Teenagers in Colorado inspiring younger generations to sign up to work election polls
Posted at 2:08 PM, Oct 22, 2020
and last updated 2020-10-22 14:08:37-04

DENVER, Colo. - A group of teenagers is using social media to try to inspire younger generations to sign up to work at the election polls this November.

The Poll Hero Project was started by a group of teens from Denver East High School as well as students from Princeton University as a way to inspire their peers to get involved.

“I never really expected it to go anywhere. I mean, we don’t really have any money or really any advertising. It’s really just been using social media to get our message out,” said Leo Kamin, one of the project’s co-founders.

Kamin is a 17-year-old who signed up to be a poll worker during the previous election for the first time after mother found out about the student poll worker program through the Colorado Secretary of State’s website and encouraged him to join.

In Colorado, you must be 16 in order to serve as a poll worker. It is a paid position.

“It really did open my eyes just to the process and how many things you have to have right,” Kamin said.

Along with learning the intricacies of how the election process works, Kamin says he was able to bring his own set of skills to the polling place.

“In Colorado, you can change your registration on your phone, and I was the only one of the greeters, the poll workers, who understood how to sort of explaining that on the website,” Kamin said. “I think there is that knowledge that comes from the people who have done this a lot and have voted for before, but I think there are also things that younger people bring that are valuable.”

Because of the COVID-19 pandemic, some areas are struggling to find enough poll workers to work on election day.

Colorado has not had that problem for the most part, and places like Denver and Jefferson County say they experienced record interest this election.

Still, the teens are using social media to encourage students across the country to check in with their counties to see whether they need help.

One of the students who decided to sign up to be a poll worker for the first time is Ben Ginsberg. He’s still going through the training process to be ready for election day but says he’s excited about the opportunity.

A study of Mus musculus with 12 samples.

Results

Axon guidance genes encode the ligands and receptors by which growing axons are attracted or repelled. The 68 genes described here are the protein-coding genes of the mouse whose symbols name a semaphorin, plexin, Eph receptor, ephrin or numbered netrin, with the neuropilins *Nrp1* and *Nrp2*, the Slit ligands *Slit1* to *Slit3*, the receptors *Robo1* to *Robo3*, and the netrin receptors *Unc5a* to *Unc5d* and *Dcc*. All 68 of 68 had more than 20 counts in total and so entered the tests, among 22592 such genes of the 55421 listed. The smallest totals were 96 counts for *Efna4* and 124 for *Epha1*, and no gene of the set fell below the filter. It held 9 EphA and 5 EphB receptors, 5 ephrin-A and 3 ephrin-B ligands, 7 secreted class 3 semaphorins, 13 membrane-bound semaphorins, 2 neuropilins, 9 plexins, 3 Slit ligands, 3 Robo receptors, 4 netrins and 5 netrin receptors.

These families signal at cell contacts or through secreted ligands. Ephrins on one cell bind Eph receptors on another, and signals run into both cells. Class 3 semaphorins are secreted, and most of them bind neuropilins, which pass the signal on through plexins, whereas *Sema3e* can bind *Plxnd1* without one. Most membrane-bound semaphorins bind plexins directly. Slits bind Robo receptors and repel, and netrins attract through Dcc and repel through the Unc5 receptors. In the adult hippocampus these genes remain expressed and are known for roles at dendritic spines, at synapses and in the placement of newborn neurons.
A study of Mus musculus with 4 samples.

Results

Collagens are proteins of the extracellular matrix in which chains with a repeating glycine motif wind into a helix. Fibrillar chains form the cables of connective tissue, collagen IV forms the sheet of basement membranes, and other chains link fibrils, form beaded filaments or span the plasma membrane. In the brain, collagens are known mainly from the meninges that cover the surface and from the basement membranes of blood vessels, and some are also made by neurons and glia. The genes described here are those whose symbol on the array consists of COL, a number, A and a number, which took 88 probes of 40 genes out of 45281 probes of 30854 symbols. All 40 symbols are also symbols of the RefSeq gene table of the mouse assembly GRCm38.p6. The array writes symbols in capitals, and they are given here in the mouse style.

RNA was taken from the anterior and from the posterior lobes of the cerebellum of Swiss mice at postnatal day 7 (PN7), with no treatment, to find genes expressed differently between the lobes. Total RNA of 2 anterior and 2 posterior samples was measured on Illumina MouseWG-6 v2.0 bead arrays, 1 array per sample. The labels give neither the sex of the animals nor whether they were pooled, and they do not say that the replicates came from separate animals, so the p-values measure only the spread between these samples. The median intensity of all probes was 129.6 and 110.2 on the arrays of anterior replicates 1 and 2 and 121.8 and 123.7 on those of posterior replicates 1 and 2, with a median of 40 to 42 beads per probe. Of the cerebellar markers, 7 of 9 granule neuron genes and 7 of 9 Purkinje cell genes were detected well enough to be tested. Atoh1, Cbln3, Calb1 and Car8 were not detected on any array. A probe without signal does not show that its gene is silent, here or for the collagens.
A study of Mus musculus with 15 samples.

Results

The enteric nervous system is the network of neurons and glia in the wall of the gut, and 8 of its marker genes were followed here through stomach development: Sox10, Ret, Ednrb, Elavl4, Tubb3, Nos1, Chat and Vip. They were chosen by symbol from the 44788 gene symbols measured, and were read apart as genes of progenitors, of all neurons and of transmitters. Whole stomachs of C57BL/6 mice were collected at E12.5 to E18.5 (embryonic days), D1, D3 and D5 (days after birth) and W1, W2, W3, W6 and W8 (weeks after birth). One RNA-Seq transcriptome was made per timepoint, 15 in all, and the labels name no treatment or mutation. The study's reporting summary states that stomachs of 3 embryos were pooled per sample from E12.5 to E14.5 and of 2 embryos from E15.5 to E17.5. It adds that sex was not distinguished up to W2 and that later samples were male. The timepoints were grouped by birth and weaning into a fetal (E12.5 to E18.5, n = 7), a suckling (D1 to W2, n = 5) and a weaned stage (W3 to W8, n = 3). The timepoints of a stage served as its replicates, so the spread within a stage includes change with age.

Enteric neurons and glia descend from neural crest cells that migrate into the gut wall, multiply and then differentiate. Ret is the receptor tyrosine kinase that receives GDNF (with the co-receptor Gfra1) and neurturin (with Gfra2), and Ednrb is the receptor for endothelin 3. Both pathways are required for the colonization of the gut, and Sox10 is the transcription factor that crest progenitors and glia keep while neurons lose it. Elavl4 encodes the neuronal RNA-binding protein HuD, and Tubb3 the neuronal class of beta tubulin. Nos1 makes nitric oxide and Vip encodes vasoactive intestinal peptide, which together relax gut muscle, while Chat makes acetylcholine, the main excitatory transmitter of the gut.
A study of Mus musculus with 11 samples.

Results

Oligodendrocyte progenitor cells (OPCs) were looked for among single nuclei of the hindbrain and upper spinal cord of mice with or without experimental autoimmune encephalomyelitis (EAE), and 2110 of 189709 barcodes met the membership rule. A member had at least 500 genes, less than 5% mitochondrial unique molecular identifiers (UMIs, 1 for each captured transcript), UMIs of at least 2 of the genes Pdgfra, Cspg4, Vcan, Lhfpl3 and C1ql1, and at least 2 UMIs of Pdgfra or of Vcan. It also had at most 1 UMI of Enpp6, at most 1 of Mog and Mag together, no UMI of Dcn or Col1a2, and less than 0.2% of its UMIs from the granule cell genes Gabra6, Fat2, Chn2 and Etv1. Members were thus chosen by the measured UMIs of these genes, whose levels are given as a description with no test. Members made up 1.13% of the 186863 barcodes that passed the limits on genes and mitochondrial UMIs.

“I thought it was a great opportunity to help out and play my part,” Ginsberg said.

Along with being a first-time poll worker, Ginsberg is also a first-time voter in this general election after participating in the primary.

“I’m super excited to vote in the presidential election. It’s even more important than the primaries obviously. I think that was kind of my way to express my personal views,” Ginsberg said.

He believes there is more interest in politics these days among his peers and many of his friends are excited for the opportunity to vote.

Kamin is not so lucky; he missed the age deadline to be able to vote this election by just a couple of weeks. Still, Kamin says he’s excited to be able to have an opportunity to contribute.

“I feel like because I can’t vote it makes it even more important to participate,” he said. “There are not many things you can do as a 17-year-old but this is one of them.”

He’s still surprised by just how much popularity the project has garnered despite the fact that they have no money for advertising and have only been using social media to get their message out.

Both teens will be missing school Monday and Tuesday in order to work the polls but say they hope their teachers and classmates understand the importance of the role they are playing in democracy. They hope even more teenagers will consider signing up in the future.

“Sure, you may not be in charge of the country now, but you will be in the future, and this is your country. This is your democracy and getting involved it’s never too early to start,” Ginsberg said. “In the long term, it would be great to become institutionalized and become that next generation of driving our democracy.”

This story was first published by Meghan Lopez at KMGH in Denver, Colorado.